Shelf Life Blog
Boynton, Oklahoma: 1917. A stranger comes to town. A nondescript, little man in a bowler hat. Says his name is Nick. Old Nick. He seems drawn to the flaring tempers and anti-foreigner rants that are bubbling up as the United States enters WWI. He can smell the murderous rages and incendiary fear wafting off some of the citizens. For the scared and the angry, he might sidle up behind them and whisper in their ears, "Tell me. Tell me what you want." And then, somehow, their ugly thoughts . . . become reality.
Like many teens her age, Kamala isn't quite sure who she is or who she wants to be. Like others, she chafes at the boundaries her strict parents set. But most teens are not imbued with superpowers and turned into a replica of the legendary Ms. Marvel overnight. All Kamala Khan wanted to do was sneak out to a party and get back in one piece, but on the way back she is caught in a mysterious fog where a vision of The Avengers (her comic-book heroes!) bestow upon her the powers to fight evil villains—or at first, in her case, a guy trying to rob the neighborhood bodega.
Home is a visual exploration of the many dwellings in our world. Each illustration shows the sheer variety of places where we live. Some people make their homes in the country, while others might live in apartments.
The book is not limited to people or even planet Earth. We see beehives, moon colonies, and the old woman who lived in a shoe. Many of the homes we visit are depicted as intricate, double-page spreads, giving the reader much to discover.
Thirty-seven years ago, Stephen King released his first collection of short-story fiction under the title Night Shift. It is with this book that King revealed his inner, darkest demons through his words, forever changing the wicked path of the horror genre.
In 2015, King gives us his next set of sensational short stories, The Bazaar of Bad Dreams. At the beginning of each selection, King offers the reader an explanation of how the story came to be and why he included it. Some of his stories have been rewritten for an updated version (such as “Mile 81,” a fast-paced thriller involving a monstrous station wagon), while others were especially written for the short story collection (“The Dune” & “Morality”).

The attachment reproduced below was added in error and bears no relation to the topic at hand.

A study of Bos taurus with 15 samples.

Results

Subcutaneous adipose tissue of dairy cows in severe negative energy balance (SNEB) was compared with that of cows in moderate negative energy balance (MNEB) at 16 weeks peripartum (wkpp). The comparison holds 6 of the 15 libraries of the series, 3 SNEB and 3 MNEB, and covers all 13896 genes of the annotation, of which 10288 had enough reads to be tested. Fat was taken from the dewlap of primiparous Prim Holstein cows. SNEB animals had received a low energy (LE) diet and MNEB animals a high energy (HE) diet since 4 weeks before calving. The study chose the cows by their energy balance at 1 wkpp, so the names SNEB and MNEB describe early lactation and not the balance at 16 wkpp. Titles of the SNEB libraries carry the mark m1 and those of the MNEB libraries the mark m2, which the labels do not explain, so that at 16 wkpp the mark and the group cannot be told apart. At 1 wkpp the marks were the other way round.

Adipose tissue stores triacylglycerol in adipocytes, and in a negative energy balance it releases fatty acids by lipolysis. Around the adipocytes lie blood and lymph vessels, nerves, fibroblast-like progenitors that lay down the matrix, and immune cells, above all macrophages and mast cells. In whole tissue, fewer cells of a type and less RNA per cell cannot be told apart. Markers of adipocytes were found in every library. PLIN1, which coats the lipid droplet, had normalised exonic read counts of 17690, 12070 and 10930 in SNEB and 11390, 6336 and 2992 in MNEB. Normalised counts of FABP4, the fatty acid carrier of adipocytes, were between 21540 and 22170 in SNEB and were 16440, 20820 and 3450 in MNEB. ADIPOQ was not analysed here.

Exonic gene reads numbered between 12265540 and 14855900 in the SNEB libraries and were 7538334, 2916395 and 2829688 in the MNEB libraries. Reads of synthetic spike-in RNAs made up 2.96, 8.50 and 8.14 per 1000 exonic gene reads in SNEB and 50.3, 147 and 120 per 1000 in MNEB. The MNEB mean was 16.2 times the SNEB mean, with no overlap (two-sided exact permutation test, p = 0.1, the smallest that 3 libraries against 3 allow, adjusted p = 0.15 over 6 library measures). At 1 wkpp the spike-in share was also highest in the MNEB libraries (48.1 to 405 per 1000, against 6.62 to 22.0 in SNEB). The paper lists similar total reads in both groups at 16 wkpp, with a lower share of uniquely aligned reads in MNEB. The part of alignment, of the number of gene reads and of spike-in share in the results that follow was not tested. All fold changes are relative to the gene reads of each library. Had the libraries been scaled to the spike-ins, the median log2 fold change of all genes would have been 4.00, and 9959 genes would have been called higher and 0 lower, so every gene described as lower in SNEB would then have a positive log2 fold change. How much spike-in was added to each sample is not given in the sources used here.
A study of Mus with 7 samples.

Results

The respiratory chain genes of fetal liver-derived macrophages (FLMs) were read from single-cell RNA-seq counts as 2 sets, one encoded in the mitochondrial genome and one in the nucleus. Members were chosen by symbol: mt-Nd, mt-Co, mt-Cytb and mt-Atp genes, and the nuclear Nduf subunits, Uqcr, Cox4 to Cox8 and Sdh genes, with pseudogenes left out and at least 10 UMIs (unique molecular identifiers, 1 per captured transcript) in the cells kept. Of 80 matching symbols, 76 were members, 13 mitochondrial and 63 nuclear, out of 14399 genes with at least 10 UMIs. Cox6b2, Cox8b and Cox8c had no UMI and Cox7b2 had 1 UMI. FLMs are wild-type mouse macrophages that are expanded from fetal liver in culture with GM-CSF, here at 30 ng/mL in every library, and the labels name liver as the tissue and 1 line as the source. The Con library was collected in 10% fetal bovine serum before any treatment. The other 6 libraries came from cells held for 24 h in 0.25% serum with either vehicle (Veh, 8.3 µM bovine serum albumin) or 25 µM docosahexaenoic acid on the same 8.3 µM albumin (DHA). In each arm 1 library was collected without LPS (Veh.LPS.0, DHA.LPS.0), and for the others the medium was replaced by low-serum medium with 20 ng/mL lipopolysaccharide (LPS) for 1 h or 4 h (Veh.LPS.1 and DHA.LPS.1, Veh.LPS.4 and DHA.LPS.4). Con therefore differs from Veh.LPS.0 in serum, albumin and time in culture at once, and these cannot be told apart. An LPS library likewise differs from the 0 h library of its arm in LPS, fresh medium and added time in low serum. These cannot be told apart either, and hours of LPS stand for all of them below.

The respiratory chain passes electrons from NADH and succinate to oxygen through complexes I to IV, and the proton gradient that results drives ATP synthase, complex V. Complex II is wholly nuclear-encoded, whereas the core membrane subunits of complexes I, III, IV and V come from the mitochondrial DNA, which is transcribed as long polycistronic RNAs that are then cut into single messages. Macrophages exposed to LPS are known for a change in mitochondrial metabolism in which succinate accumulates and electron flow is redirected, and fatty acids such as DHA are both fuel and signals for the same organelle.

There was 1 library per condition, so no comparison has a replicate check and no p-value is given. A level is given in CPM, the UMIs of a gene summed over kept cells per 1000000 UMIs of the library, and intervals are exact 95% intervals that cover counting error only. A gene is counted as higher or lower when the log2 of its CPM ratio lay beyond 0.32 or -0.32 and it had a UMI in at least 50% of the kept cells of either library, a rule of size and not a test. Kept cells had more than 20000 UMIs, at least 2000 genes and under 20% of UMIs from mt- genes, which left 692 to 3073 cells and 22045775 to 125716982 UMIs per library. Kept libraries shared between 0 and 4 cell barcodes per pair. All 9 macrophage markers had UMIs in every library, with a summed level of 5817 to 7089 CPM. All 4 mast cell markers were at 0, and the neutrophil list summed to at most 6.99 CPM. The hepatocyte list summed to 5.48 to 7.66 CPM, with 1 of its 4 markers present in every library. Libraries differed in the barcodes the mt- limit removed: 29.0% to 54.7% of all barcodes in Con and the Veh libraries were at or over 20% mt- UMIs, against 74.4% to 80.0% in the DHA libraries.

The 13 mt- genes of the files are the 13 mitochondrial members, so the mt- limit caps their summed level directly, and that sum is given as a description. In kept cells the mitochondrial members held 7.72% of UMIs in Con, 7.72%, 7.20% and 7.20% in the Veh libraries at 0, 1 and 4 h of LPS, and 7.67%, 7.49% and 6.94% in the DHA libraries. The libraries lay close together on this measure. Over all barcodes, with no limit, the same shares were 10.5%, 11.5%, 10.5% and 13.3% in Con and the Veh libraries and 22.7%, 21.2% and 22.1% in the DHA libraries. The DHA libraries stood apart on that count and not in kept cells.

The other day, I picked up a book off the new book display—drawn by the colorful cover and by the title. Mobile Library, by David Whitehouse, has a happy-looking cover, but it is anything but a happy book.
Druthers whisks us to the rainiest of days, where a young girl is bored beyond belief. Her father asks her, "If you had your druthers, what would you do?" The girl has never heard of the term before. Her father explains that druthers are what you would rather do if you could do anything at all.
In a matter of seconds, the girl and her father imagine all sorts of exciting adventures. The pair visit the zoo, ride ponies in the Old West, and sail a fearsome pirate ship to the island of dinosaurs!
When stand-up comedian Aziz Ansari was offered a book deal, he opted against writing the typical humorous memoir. Instead Ansari, best known as Tom Haverford on the NBC sitcom Parks and Recreation, penned Modern Romance, an entertaining look at how relationships and dating have changed over the past few decades.
“Lovecraft. His tales are just fiction...right?”
Daniel Carter used to be a homicide detective. That is, until his previous case—an intense hunt for a serial killer that ended in strange and belittling tragedy. Now, he’s a private investigator, trying to get his once simple life back on track. Forgetting what happened is not so simple, however, and Carter struggles to regain his natural ability for helping others.
And strangeness. Well, let’s just say, it’s not entirely done with him yet.
Indianapolis, Indiana, 1932
Youngest of several sisters and one boy-genius brother, Minnie is excited to have her Texas cousin Willie Faye come live with them. Willie Faye’s parents have died, and their farm is gone with the dust storms, so this dandelion puff of a girl is going to find a place with the Swift family in Kathryn Lasky’s Christmas After All.
He: likes foxhunting on his fine stallion Mephistopheles, whiskey & soda, but above all else, cricket. His form is handsome and athletic. His mind uncluttered with much in the way of philosophy or common sense.
She: enjoys fashion, researching/knowing everything, and breaking men’s hearts. Well, she doesn’t really like it. Simply an occupational hazard when one is such a beautiful breath-sapper. But what this to-the-manor-born brother and sister like most is solving murders. To catch the “coffinators” is their aim.